German post-war modernism The Architectural Legacy of the 1960s
Demolish, convert, or renovate in line with historic preservation principles after all: On the problems in dealing with the architectural legacy of the 1960s.
German post-war modernism, until now a pet issue of architecture enthusiasts, is currently in the focus of public perception. Above all, how to deal with the massive housing complexes, concrete-laden cultural buildings and automobile-compatible city centres of the 1960’s is undergoing vigorous debate: is the radical form, the will to densification of city centres, the use of steel, glass and concrete something visionary, the reflection of a future-oriented time and therefore absolutely deserving of preservation? Or is rigorous remodelling or even demolition not only permissible, but also necessary to reduce these buildings, often said to be “dehumanising” in the German public as well, to smaller scales and thereby align them more with people’s needs?
Open spaces, plenty of roomHermann Henselmann, Haus des Lehrers | Photo: Gisela Dutschmann, 1965, © Berlinische Galerie There were a lot of open spaces in Germany due to the Second World War, in a few cities there was even space for new city centres. Kassel, for instance, was completely redesigned and acquired the first German pedestrian zone (1969). In construction policy, the focus was on densification of city centres. In the West, in the course of the economic upswing, large-scale office buildings and new university complexes were arising everywhere. Helmut Hentrich, for example, erected the Dreischeibenhaus in Düsseldorf (1960) and Ruhr University in Bochum (1964-74). Cultural buildings such as Werner Düttmann’s Akademie der Künste (1958-60) and Fritz Bornemann’s Deutsche Oper (1961) had already been built before them.
Egon Eiermann, Neue Kaiser-Wilhelm-Gedächtniskirche | Photo: Otto Barutta, 1963, © Berlinische Galerie In addition, a range of government buildings such as Sep Ruf’s Kanzlerbungalow (1966) were required for Bonn, the new West German capital. Respective new centres were being designed in Berlin, divided since 1963; one a socialist, the other a capitalist version. In brief: throughout Germany, more construction was underway than ever before, with abundant experimentation with concrete facades, prefab elements, glass blocks and grid architectures.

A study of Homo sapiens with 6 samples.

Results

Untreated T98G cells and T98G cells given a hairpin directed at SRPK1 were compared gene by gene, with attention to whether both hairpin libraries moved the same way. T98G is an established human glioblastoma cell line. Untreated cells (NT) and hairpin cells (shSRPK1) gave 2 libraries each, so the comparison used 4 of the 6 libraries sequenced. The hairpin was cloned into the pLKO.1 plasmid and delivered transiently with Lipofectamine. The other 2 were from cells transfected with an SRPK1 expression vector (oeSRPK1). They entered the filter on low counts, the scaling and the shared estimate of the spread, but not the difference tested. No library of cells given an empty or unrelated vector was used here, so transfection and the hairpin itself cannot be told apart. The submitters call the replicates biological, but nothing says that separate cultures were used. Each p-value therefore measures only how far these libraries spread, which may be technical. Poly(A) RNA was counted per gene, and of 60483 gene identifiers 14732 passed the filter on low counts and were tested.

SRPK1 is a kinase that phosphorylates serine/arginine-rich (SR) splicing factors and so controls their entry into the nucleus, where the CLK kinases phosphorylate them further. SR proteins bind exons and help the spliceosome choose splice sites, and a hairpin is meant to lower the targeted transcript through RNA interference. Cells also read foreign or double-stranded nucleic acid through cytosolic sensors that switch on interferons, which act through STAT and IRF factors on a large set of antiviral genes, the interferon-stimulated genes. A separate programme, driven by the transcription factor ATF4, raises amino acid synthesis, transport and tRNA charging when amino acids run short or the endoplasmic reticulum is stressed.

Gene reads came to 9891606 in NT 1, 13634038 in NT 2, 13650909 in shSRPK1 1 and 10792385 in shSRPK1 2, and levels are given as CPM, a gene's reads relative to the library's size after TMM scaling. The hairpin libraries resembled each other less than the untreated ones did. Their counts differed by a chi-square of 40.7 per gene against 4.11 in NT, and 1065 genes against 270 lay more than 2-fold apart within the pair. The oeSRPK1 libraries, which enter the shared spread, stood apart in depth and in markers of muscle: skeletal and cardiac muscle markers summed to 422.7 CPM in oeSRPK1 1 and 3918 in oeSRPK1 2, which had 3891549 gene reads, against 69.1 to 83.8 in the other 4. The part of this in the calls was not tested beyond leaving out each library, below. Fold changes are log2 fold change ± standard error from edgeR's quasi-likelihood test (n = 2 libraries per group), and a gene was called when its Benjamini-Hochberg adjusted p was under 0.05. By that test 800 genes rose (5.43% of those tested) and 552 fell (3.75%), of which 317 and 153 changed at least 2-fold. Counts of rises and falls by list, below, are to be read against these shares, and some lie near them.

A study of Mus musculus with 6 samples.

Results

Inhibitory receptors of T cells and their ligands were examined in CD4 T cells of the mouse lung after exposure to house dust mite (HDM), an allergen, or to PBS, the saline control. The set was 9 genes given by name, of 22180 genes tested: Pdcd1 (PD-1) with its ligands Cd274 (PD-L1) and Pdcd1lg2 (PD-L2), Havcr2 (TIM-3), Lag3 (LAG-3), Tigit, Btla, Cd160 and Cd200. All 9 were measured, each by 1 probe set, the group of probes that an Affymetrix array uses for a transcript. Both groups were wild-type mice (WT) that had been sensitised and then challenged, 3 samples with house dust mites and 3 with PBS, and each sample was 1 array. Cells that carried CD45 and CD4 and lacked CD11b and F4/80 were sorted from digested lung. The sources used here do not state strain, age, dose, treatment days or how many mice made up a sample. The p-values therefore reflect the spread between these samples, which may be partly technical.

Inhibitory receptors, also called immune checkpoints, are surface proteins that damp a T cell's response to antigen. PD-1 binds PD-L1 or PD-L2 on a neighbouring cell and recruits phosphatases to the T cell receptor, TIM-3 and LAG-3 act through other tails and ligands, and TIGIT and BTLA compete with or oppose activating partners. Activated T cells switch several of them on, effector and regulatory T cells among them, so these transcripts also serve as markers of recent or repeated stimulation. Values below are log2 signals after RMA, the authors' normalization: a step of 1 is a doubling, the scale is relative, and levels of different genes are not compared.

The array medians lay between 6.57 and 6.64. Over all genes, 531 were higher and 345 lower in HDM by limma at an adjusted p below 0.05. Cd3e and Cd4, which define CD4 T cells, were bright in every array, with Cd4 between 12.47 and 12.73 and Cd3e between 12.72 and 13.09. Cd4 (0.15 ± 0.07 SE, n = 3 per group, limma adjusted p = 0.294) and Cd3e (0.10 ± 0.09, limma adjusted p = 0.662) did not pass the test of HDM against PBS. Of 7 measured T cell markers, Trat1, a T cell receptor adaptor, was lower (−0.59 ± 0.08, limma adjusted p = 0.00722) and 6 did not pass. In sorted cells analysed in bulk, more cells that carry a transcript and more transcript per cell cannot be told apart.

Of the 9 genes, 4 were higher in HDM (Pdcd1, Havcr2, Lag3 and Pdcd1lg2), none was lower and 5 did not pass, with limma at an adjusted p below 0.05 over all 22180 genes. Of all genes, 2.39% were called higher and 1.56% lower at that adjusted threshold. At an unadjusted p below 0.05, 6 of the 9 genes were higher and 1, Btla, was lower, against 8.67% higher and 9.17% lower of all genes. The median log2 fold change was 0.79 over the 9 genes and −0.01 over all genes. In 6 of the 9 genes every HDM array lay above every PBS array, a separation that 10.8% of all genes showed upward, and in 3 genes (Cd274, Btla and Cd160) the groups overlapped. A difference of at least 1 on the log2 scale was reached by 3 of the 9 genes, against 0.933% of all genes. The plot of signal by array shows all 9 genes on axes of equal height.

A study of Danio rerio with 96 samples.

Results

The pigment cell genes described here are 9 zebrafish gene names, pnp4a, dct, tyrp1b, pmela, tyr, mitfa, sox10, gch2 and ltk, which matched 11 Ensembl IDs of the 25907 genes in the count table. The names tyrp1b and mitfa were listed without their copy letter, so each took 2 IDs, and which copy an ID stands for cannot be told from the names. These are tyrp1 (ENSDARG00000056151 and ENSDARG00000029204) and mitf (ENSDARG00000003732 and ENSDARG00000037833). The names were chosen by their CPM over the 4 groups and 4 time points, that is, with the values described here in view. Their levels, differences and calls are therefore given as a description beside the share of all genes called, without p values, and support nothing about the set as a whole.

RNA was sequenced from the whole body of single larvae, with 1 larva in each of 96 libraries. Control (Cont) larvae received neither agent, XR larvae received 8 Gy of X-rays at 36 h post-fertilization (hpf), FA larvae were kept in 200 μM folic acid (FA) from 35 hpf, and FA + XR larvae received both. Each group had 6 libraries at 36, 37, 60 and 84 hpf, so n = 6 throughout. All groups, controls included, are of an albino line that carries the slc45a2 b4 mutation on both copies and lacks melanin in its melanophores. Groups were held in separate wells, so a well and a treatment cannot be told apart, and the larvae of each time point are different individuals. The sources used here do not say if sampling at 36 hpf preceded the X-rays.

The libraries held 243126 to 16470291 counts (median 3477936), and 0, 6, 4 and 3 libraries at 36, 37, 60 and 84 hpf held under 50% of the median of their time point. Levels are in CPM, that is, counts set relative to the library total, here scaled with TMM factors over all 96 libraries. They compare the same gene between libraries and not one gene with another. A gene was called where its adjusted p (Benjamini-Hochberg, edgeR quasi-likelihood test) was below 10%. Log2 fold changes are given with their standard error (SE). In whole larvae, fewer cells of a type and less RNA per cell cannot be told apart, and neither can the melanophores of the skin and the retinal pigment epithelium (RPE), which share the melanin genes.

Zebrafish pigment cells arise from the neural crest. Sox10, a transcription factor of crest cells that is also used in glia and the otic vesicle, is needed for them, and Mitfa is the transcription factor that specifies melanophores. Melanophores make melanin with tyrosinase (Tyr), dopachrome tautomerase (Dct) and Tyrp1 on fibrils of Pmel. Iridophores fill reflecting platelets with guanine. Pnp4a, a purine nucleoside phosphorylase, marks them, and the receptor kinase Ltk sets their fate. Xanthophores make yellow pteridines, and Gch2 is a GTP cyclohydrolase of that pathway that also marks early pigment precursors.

It was a time of radical, visionary designs in East and West, in which buildings arose that today in part enjoy iconic status, as in East Berlin Hermann Henselmann’s Haus des Lehrers (1964), or Josef Kaiser’s Kino International (1963). In West Berlin Egon Eiermann’s Neue Gedächtniskirche (1961), Hans Scharoun’s Philharmonie (1963) and Mies van der Rohe’s Neue Nationalgalerie (1968) stand out.
The wrecking ball loomsTelevision tower with a view to Marienkirche | Photo: unknown author, about 1970, © Berlinische Galerie Today, many of the less-prominent buildings are under scrutiny or have already been demolished. The reason is not only size, form or “inhospitableness,” but frequently just poor construction quality. Even experts and building-culture intermediaries tirelessly dedicated to gaining acceptance for these buildings have clearly designated “inferior materials technology” (Wolfgang Pehnt) and “high repair and maintenance costs following decades of neglect in maintenance” (Adrian von Buttlar) as a problem.
Ludwig Leo, Christian Boes, Laboratory for water engineering and shipbuilding | Photo: Thomas Bruns, 2011, Staatliche Museen zu Berlin, Nationalgalerie However, the date with the wrecking ball is reserved not only for large-scale housing complexes of shoddy construction quality. In Berlin, for instance, the large-format restaurant “Ahornblatt” with its legendary shell construction by Ulrich Müther (1971-73) was torn down in 2000 despite being listed under historic preservation. The Schimmelpfenghaus by Sobotka/Müller (1960) at the Zoo underwent a similar fate. Both fell victim to new construction projects. Other buildings from this period are being reshaped – with greater or lesser success. One example is the redesigning of the Kaufhof façade on Berlin’s Alexanderplatz by Jan Kleinhues, who replaced the characteristic aluminium honeycomb facade with natural stone in 2006, earning both applause and vehement rejection in equal measure.
Examples of restoration and refurbishingBy contrast, the restoration in accordance with historic-preservation guidelines of the GDR Staatsratsgebäude (1962-64) by HG Merz (2003-05) and the upgrading of the Deutsche Oper (2011-14) in Berlin are considered examples of overall success. Such restoration, above all meeting the most up-to-date energy standards, might well also have ruined these complex buildings. The costs, however, were high; not many buildings can be refurbished following historic preservation principles in such a fashion.
Ralf Schüler, Ursulina Schüler-Witte, tower restaurant Stieglitz, 1972 | Photo: Ursulina Schüler-Witte, © Berlinische Galerie Two more prominent early-1970’s Berlin buildings are awaiting a positive solution: the futuristic ICC Congress centre and the “Steglitzer Bierpinsel” in Pop Art style (both by Schüler/Schüler-Witte). In both buildings, years of neglect have left noticeable effects on their demanding architecture. Although policy-makers have declared their intentions to preserve them, they have yet to produce viable concepts. In particular in the ICC, the Union of German Architects sees an important witness to its epoch and is determined to prevent a demolition like that of the “Ahornblatt.” The discussion revolving around the preservation of post-war modernism might well have just begun in earnest!
The pictures in this article were part of the exhibition (catalog) “Radically Modern – Urban Planning and Architecture in 1960s Berlin” that took place from 29 May until 26 October 2015 at the Berlinische Galerie.